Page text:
One of my favorite lines of poetry comes from Robert Frost's poem, The Road Not Taken.
The final stanza reads:
I shall be telling this with a sigh
Somewhere ages and ages hence:
Two roads diverged in a wood, and I--
I took the one less traveled by,
And that has made all the difference.
I like to take roads less traveled by. I've done it locally and not so locally. I've done it recently, and I've done it for years.
Once, while camping in Sequoia National Park, I took my pre-teen kids on a ranger led hike on Morro Rock. It was a pre-scheduled, published opportunity for park visitors to go a bit deeper into their visit to the park. The only ones who showed up for this free opportunity were my family and me.
The park ranger, a certified naturalist, did his duty and informed us. One thing he said that left an impression was this, "The average visitor to Sequoia stays for four hours."
What? As if a drive-through, a stop at the gift store, and a short walk on the paved path to General Sherman constitutes a visit? Sad, but true.
We took short two-hour type of hikes. We went to the ranger led camp fires. My kids earned their junior ranger badges. (We camped in a park cabin with a canvas roof and a wood burning stove for cooking.)
Some would say, "That's hardly 'the road less traveled'!" But I'd disagree.
Once we were more than 1/2 mile from any trail head, we were pretty much alone. It wasn't necessary to go wilderness camping, we just needed to go a bit deeper off the main path. Sometimes we were in a crowd, but it was a small crowd.
In the movie, "Out of Africa," Denys says, "I don't want to live someone else's idea of how to live. Don't ask me to do that. I don't want to find out one day that I'm at the end of someone else's life."
Denys took the road less traveled. He practiced non-conformity. One of Denys' critics said, "He likes giving gifts... but not at Christmas." (Go Denys!)
I like to live somewhat creatively. I like roads, but I like back roads, less traveled roads. They seem more interesting and more out-of-the-ordinary.
So, when my wife recently suggested a vacation away from home, I looked a bit off the beaten path. We went "camping" at a condo in Indio. (Indio is not Palm Springs. It's 20 miles east.)
I've done tent camping. I've slept under a bush by a river. I've slept at the bottom of a freeway embankment. Now days, I camp at timeshares. (I find that my wife is more prone to go camping with me, if I stay away from tents.) Adventure doesn't require a tent.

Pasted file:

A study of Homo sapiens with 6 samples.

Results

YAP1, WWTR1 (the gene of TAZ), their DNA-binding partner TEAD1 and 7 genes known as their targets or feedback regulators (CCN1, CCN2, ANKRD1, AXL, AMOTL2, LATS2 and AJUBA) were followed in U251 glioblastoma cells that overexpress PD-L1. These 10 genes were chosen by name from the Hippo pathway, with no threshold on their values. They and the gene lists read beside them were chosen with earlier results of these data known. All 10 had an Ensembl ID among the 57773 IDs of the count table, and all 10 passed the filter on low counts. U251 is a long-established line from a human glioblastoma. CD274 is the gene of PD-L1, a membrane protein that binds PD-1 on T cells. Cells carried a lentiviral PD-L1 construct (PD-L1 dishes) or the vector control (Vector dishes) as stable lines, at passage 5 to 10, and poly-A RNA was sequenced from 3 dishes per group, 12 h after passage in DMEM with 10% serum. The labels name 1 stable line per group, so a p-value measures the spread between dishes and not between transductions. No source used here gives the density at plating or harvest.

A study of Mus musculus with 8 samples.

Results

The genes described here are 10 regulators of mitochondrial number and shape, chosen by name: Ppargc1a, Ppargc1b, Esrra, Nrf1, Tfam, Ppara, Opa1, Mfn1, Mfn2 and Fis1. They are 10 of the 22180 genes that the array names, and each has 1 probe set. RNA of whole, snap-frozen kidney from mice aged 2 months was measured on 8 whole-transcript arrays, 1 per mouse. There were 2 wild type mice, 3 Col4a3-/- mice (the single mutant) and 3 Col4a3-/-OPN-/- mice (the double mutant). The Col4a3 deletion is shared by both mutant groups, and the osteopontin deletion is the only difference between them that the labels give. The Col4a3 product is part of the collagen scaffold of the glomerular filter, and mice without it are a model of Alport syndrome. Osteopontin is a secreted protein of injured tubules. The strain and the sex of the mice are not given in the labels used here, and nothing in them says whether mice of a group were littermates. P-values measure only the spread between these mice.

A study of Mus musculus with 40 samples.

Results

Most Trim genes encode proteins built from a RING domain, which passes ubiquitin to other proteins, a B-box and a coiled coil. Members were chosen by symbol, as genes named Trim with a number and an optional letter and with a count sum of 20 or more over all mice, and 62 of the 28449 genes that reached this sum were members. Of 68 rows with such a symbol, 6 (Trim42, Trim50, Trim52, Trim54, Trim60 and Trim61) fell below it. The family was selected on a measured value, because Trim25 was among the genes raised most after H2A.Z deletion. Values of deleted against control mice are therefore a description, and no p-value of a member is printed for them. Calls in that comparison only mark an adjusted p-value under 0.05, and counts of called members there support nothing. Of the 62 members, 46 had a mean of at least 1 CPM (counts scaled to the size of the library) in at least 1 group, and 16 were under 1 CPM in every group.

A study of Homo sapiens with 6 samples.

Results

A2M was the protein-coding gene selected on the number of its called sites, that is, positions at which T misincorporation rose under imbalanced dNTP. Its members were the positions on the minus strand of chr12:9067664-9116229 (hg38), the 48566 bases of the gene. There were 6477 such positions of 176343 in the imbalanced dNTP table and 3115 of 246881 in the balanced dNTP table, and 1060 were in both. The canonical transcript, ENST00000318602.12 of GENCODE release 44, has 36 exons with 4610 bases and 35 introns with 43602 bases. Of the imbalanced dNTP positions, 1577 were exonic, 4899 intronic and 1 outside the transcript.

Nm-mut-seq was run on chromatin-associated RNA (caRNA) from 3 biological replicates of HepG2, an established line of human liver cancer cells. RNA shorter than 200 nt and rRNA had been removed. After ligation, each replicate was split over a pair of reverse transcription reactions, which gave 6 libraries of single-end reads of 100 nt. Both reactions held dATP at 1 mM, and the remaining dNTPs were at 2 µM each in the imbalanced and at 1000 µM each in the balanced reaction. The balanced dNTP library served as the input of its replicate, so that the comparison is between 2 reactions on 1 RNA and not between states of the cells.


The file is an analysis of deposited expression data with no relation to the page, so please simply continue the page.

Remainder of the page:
Summer is vacation time for many people. Roads are full. Parks are full. Space is limited, except for... off the beaten path. Summer in the Palm Springs/Indio area is off-season: it's hot. We knew that, but reserved a unit anyway.
The Southwestern US has experienced a population influx since the 1950's. Why? Because of the wide-spread availability of air-conditioning! A/C makes living in the desert very do-able.
I bought my first air-conditioned car in '97! I'm a bit slow, but Wow! Car travel is less sweaty now. Especially when driving into the desert in the middle of summer.
We headed to Indio, which is about 100 miles east of Los Angeles, into the heat (100's). It was great! Our unit was nice, but we were only there at night. By day... we did road trips -- back road trips.
Day One: we visited the eastern end of Joshua Tree National Park. (A park less traveled.) We did a short half mile hike to an oasis. (We saw five people.) We stopped by all the road-side exhibit signs. (Usually, we read them from the air-conditioned car.) We took all the small paved roads off the main road. We hiked the short hike to the vista point at Keyes.
The eastern end of Joshua Tree is less spectacular than the western end. We knew that. That's why we were there: slightly off-center. We saw Octillos, Chollos, and yuccas. After a half day in the eastern end of the park, we drove straight through and out of the western end. We headed "home" to our condo. It was 50 miles or so from the park entrance.
We grocery shopped at Fresh and Easy and dined royally at home, loaded the dishwasher, played some tile rummy, watched some cable TV in our air-conditioned unit, and flopped into our comfy bed. Ahhh... this is camping!
Enjoy the pics!
(Next time... Day Two: Maintained dirt roads in Joshua Tree.)